MALAYSIA is a country blessed with beautiful nature. Situated in global terrestrial and marine biodiversity “hotspots”, it hosts the world’s oldest rainforests that teemwith unique flora and fauna, and seas rich in marine species large and small.

MALAYSIA is a country blessed with beautiful nature. Situated in global terrestrial and marine biodiversity “hotspots”, it hosts the world’s oldest rainforests that teemwith unique flora and fauna, and seas rich in marine species large and small.

That said, Malaysia is also a rapidly developing country bent on reaching developed country status within the next few years. That ambition has, to a large extent, come at the cost of her natural environment, at the ecosystem and biodiversity levels.

A progressive and developed nation is one that understands and appreciates the value of nature and the services it provides to support our living, thus, invests in safeguarding it for generations to come. Why should we care, when usually topics such as economics, infrastructure, healthcare and education are the ones closest to our hearts?

Well, our seafood stocks are depleting, water catchment areas losing out to logging, we have already lost wildlife species and are on the brink of losing more — strange weather anomalies are becoming the norm, natural water sources are drying up resulting in massive shortages, and the impacts of pollution are becoming more prominent. This certainly does not sound convincing for a developed nation.

This is not a matter of tree hugging, and this is where I am glad that the environment is one of the topics being given “air time” in the Transformasi Nasional 2050 (TN50) initiative. To that end, I am honoured by the opportunity to lend my voice to chart our course for safeguarding Malaysia’s environment — for food, for ecosystem services, for recreation, for climate regulation, and, ultimately, our survival.

As someone living a childhood dream and one who has carved a successful national and international career in marine science and conservation (a rather atypical career in Malaysia), I hope that my story empowers many passionate young girls and women out there to believe that this “rugged” career isn’t just for the boys.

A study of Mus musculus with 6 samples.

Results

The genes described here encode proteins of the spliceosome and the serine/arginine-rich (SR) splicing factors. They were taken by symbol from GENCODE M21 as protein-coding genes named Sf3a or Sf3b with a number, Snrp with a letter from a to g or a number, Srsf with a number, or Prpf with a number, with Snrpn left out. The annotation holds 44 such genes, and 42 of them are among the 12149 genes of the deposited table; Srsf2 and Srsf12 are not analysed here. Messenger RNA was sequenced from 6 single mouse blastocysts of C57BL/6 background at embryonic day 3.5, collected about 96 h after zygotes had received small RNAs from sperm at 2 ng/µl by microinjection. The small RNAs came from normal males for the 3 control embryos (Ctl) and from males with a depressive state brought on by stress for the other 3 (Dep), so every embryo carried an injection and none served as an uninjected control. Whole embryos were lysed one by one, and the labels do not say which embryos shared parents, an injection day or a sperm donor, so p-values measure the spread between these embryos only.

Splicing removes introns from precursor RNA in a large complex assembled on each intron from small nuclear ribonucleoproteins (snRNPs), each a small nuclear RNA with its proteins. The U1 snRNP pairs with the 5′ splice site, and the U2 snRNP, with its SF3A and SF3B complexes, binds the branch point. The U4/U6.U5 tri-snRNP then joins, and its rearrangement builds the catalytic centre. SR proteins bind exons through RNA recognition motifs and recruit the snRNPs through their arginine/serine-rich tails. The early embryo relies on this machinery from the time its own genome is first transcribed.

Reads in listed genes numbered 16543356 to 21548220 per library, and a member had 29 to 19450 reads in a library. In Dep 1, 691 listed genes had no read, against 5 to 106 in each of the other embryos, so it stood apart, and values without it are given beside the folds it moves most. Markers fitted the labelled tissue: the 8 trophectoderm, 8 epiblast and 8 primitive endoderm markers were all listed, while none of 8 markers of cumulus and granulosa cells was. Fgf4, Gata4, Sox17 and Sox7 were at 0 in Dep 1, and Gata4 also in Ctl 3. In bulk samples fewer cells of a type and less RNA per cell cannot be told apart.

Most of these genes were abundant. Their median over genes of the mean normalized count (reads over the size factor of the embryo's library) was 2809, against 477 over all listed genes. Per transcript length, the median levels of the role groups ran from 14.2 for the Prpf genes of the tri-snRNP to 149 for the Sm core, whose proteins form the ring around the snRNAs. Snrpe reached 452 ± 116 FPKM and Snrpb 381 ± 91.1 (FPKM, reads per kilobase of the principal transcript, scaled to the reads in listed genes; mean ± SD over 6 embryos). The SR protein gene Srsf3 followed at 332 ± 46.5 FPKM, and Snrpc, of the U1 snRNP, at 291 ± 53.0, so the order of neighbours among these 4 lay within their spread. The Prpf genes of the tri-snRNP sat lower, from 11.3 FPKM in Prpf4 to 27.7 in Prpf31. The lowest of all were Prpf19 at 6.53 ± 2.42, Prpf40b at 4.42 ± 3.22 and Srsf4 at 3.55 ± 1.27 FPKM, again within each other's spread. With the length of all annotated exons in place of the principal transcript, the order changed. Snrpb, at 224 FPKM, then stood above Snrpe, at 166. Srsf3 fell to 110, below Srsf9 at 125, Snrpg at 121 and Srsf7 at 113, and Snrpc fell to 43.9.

They, too, could be out there in the field, spending hours exposed to the elements while collecting important data on the environment or reaching out to communities, and then be a voice for the cause they are championing, and that their voice shall be heard.

This is my aspiration for young female Malaysians — in the coming 30 years, you have a rightful place in science, in policy advocacy, in being the crafts(wo)men of your future and that of your country.

I come from a lineage of strong and resilient women, and I believe many Malaysians of my generation do, too. Perhaps, most of our mothers and grandmothers while strong in essence, having emerged from many hardships, did not have the opportunity to be the shapers of our country’s trajectory. It was just not the fashion of their day.

However, we, the female youth of Malaysia, inherited their strength and resilience, and together with the opportunities of education that we’ve been given, the future is ours to shape along with our male brethren.

So ladies, TN50 is your platform to launch.

The writer, a Research Fellow at the Institute of Ocean & Sciences, Universiti Malaya, is a marine scientist, specialising in the ecology and conservation of marine mammals, with a focus in dolphin ecology. She is the first Malaysian to be presented with the prestigious Pew Fellowship in Marine Conservation.